One of the most dreaded tasks of screenwriting is writing about your work. You’ve just spent months or even years crafting your screenplay. You’ve whittled it down to a lean mean one hundred and two pages and now you’re asked to cut it down to a one or two-page synopsis, or a single paragraph blurb or, worst of all, a single sentence logline.
If you’re at all like me, part of you is thinking, ‘How do I do that? If I could have told the story in two pages, I would have.’ But, being able to write these shorter forms is not only something you have to do, it’s something you have to do well. So, here are some things to be thinking about.
This is a single sentence (very occasionally two) about your movie that is very much like what you’d read in the newspaper or in a TV Guide. It is sometimes called an elevator pitch—in other words, what you would say if you were in an elevator with the head of a studio for ten seconds. Like your script, it should have a beginning, middle and an end. Three acts. At the point where your story breaks into the second act, there should be a compelling verb like has to, needs to, or must.
Here’s an old logline of mine from a comedy I wrote called Party Boy.
“A socially challenged young man meets the woman of his dreams at the first party of the Christmas season when he fails to get her name he must then go to as many parties as he can to find her again.”
Notice that the largest amount of space is dedicated to the first act, or the setup. “A socially challenged young man meets the woman of his dreams at the first party of the Christmas season…” That’s pretty much always going to be the case with your loglines because the set up is when you tell the audience what your story is about. It’s not disproportionately larger in your script, but it will be in a logline because you have to convey what the story is about—which is what the setup does in your script.
The second act in a logline is usually shorter than the first. In this case, “…when he fails to get her name he must go to as many parties as he can find…” Notice how this suggests a scene – the first party – and then several scenes – his attending many parties. And then the third act is only a few words, “to find her again.” See, you don’t have to spell out the end. A logline’s purpose is to get the reader to request the script—not tell them the whole story.
A blurb is simply a longer version of your logline. The annoying thing with blurbs is that when one is required each agent/manager/ producer will often ask for a blurb of a different size. You’re going to have to rewrite them in different sizes—so hold on to each one. The blurb I’m including here is from a script I wrote called Good Faith. It’s on the short end of blurbs.
“What if someone offered you everything you’ve ever dreamed of and all you have to do to get it…is die? When Billy Colson gets involved with an ambitious real estate agent’s scheme to collect millions in insurance payments, he finds himself in an ever-deepening web of lies, deceit and violence. Sooner or later he’s gonna have to hold up his end of the bargain.”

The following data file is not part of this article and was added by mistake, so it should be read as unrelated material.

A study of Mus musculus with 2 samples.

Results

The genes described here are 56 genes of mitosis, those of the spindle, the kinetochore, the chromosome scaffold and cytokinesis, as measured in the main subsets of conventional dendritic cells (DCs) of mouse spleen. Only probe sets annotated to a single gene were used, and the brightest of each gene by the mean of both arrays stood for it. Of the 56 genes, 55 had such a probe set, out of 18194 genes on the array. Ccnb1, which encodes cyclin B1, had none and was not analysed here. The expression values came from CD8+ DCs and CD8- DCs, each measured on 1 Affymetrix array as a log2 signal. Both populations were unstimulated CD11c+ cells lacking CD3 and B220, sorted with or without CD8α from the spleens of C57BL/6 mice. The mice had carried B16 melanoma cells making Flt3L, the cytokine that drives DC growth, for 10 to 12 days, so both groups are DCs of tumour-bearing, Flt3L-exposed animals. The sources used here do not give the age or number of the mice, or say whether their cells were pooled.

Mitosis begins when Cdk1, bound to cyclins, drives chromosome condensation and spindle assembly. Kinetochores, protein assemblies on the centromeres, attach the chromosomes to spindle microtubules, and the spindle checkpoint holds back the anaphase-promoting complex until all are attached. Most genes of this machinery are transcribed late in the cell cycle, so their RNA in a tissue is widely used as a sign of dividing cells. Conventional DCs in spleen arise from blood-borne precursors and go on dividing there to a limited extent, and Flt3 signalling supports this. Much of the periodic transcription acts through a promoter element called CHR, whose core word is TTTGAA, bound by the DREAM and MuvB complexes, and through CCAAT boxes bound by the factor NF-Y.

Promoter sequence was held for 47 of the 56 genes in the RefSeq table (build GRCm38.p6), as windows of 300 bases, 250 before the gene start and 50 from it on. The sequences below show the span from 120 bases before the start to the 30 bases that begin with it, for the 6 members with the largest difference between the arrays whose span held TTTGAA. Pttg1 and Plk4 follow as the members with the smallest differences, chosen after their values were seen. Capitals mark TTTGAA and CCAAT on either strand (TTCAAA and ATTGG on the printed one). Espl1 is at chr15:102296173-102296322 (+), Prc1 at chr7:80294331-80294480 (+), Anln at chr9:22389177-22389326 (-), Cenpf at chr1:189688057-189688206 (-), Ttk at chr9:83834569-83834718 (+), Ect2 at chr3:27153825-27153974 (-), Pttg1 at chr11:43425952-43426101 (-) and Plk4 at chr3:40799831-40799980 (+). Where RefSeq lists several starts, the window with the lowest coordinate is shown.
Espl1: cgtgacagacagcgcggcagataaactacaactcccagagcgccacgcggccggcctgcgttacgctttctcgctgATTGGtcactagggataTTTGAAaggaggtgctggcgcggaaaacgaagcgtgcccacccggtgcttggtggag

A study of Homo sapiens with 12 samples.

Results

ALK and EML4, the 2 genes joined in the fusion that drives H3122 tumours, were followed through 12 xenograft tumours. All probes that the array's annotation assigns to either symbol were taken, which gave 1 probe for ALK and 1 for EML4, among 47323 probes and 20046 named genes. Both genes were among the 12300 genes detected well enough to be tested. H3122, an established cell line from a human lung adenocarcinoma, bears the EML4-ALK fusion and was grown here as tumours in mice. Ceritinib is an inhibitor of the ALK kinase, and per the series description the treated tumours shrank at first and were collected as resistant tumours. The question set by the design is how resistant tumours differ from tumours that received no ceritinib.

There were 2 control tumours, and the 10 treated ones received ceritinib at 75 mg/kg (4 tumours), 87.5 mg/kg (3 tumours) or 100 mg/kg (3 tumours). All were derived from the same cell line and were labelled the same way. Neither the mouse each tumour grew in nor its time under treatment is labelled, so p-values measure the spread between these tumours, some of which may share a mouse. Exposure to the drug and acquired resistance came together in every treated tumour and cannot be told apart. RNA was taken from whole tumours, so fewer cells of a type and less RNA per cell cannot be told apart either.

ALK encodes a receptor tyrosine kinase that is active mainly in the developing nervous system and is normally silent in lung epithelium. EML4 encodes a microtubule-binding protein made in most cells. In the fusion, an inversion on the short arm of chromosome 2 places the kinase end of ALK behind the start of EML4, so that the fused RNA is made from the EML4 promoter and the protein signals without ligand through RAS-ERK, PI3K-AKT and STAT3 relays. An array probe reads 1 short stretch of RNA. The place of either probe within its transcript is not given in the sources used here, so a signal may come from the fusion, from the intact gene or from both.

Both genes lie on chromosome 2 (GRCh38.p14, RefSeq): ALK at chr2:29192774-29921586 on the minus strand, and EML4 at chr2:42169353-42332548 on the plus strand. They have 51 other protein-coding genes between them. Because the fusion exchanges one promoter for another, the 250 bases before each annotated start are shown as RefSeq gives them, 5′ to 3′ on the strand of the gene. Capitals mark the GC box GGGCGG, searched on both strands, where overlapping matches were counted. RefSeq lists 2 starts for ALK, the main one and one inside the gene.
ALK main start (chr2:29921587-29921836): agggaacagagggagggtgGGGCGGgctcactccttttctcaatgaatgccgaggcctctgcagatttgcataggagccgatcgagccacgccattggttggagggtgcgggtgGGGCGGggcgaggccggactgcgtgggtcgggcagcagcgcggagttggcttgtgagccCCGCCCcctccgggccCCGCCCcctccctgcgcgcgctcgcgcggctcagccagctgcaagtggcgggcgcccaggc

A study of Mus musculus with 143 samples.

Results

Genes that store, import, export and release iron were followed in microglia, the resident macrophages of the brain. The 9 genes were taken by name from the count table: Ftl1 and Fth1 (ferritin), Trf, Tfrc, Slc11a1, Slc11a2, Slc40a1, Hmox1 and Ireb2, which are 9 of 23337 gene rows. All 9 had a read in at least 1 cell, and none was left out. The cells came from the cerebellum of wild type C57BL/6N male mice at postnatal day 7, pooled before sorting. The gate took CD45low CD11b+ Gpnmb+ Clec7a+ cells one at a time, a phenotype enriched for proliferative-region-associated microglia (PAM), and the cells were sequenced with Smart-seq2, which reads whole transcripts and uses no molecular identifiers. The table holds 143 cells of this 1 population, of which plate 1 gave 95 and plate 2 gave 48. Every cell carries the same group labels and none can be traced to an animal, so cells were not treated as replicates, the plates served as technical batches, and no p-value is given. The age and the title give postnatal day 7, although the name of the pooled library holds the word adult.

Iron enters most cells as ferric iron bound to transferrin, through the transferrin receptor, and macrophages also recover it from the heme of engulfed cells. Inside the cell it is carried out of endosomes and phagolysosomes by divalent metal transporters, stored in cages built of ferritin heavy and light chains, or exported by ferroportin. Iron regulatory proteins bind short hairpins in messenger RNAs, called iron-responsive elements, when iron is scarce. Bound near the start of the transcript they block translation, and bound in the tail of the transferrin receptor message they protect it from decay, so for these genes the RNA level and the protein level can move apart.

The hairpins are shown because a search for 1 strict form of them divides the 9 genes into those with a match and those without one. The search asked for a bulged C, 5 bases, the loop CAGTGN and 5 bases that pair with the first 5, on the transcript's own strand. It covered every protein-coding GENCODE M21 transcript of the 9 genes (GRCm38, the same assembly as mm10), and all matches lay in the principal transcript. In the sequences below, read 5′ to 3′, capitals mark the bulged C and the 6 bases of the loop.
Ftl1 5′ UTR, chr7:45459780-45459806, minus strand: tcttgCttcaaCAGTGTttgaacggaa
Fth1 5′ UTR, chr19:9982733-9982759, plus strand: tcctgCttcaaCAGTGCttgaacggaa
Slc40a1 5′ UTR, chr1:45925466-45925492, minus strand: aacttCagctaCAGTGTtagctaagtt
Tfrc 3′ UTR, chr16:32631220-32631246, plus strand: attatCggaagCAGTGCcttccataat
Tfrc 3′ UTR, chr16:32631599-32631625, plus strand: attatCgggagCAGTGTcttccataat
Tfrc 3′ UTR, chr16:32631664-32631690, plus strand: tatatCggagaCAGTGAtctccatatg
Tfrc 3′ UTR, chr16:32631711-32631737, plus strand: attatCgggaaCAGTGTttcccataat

When you do your blurb you can add names—particularly of the main character—though, not too many. You can also be a bit more descriptive and add sub-plots. You can also be a bit more creative. You’ll notice that my blurb is posed as a question. One of the reasons I did that is that the script is a noir thriller and, as with many noir stories, the script itself poses a ‘what if’ question. I also don’t want to give away the ending. As with the logline, it’s divided into beginning middle and end. This time the sentences delineate the structure.
Like blurbs, depending on who you’re submitting to, the size of the synopsis requested can be anywhere from one to three pages. And, for that reason, I’m not including an example.
Of the three, a synopsis is the least marketing oriented—though it is still a sales document. You do need to tell the entire story, including the end. If you’ve done a beat sheet for your script that would be a great place to start, and if you haven’t done a beat sheet why haven’t you? (When you write a beat sheet you go through your story and write a few lines on each beat or story point of your script) Basically in your synopsis you tell the story in economical prose.
So, here are some things common to loglines, blurbs and synopses. You have to remember to include your selling points without making them seem obvious. Selling points usually have to do with genre and which stars might be interested. Now, I didn’t use genre in either of my examples. I feel that the genre of each came across so it’s redundant to mention it. On the other hand, some scripts need the genre called out. For instance, if you’ve written a raucous comedy about a cancer patient you’ll need to actually say it’s a comedy. And, you don’t really want to name the stars your story might attract while at the same time making it completely clear. So if you say, “Shelly, a spunky Southern girl in her late thirties, literally trips over the man of her dreams…” Most of your readers are going to think Reese Witherspoon. But since you haven’t mentioned her, if they prefer another actress they might think about her instead.
One final tip: don’t wait until you finish to write your blurb. Doing it partway through a project can help you see what you’re trying to do and figure out if you’re actually doing it.